One of the most important things when building a startup is the sequence of how you execute. It is even more important than “doing the right things”.
You need to be laser focused and meticulous on the execution at hand, while driving towards your big vision of your company, and evaluating the plan regularly.
By NOT planning every detail of what needs to happens in the next 12 months, you are increasing your attention span on what is needed right now, while making sure you make the best decisions with as much data as you can at any given point in time.
When you are planning in detail what to do in 6 to 12 months, you are making decisions with a large number of assumptions and little data.
I am saying this so often to our portfolio company founders and the team at BootstrapLabs that it is starting to sound like a mantra:
Have faith in your assumptions, but trust your data.
And sorry – you are not getting away from planning, which is just as important to create a shared vision and understanding of the road ahead within the team. The assumptions are not less important. You just need to understand that they are just assumptions, and when and how they turn into data.
It is actually quite simple. When you launch a new startup, you are always underskilled and underfunded as you start to build, and you need to create a model of how you execute effectively where you are (shameless plug: we are trying to fix that with BootstrapWorks, still stealth – but sign-up for the waitlist!), while keeping your big vision in mind, and constantly reevaluating and changing the focus to adapt to the current situation.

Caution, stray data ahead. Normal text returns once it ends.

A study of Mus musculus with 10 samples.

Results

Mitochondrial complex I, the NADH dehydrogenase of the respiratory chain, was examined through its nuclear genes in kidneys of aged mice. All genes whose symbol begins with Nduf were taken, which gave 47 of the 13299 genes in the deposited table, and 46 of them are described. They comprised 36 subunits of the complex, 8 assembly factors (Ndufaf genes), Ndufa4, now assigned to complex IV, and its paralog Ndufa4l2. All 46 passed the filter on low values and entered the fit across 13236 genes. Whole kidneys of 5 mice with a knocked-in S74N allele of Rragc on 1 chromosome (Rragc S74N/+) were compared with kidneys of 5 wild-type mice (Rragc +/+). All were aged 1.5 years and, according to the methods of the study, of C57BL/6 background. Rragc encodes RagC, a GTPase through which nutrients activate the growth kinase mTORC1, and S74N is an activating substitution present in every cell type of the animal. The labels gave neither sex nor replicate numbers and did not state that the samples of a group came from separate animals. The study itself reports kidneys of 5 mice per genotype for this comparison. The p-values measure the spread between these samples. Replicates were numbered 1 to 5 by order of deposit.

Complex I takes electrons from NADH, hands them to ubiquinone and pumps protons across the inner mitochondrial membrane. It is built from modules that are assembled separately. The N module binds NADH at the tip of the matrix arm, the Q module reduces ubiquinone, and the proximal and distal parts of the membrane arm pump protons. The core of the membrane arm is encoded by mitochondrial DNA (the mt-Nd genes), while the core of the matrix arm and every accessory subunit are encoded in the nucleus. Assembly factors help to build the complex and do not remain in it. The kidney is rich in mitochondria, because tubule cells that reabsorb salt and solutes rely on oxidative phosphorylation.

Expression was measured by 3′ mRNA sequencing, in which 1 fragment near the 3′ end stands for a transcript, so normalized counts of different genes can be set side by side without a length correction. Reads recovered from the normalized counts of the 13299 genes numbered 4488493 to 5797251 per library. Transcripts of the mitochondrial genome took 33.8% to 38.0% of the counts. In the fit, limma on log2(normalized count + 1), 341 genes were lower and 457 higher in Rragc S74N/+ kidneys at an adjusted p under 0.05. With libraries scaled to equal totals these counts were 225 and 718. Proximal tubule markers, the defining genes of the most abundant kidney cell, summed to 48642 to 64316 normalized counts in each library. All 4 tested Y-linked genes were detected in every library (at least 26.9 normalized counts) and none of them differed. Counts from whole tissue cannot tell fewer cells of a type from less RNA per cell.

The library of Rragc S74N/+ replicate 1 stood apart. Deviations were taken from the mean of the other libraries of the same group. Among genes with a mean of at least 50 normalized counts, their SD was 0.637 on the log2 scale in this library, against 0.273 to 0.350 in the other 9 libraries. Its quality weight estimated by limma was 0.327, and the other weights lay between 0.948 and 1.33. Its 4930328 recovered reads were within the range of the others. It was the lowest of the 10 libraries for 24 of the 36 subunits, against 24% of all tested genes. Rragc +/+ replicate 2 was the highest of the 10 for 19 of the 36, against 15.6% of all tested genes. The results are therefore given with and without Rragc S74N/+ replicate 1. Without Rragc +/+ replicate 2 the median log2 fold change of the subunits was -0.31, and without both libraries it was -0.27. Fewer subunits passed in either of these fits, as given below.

For example: You know you are addressing a large market, and your product and DevOps really need to scale. You know that if you hit Milestone C you are going to have a million users of your product. You are now at Milestone A, and the reality is that unless you focus 100% on nailing the core Product Market Fit with your early customers to get to Milestone B, you will neither know what is needed from the platform to scale to a million users, or raise the funding to do so.
Ben Horowitz talk about wartime and peacetime CEOs in his book, “The Hard Thing About Hard Things”. Using those terms, when you start a new company you need to be in the wartime CEO mode, otherwise you will not survive long enough to fight your first real battle.
All of this applies before finding an initial Product Market Fit and before raising A/B rounds to scale. At that point the same mechanics apply, but both at a larger scale and longer timeframe. And you need to plan for resources much further ahead. But that goes back to the core message of this blog post. You always need to execute and optimize for where you are at any given point in time.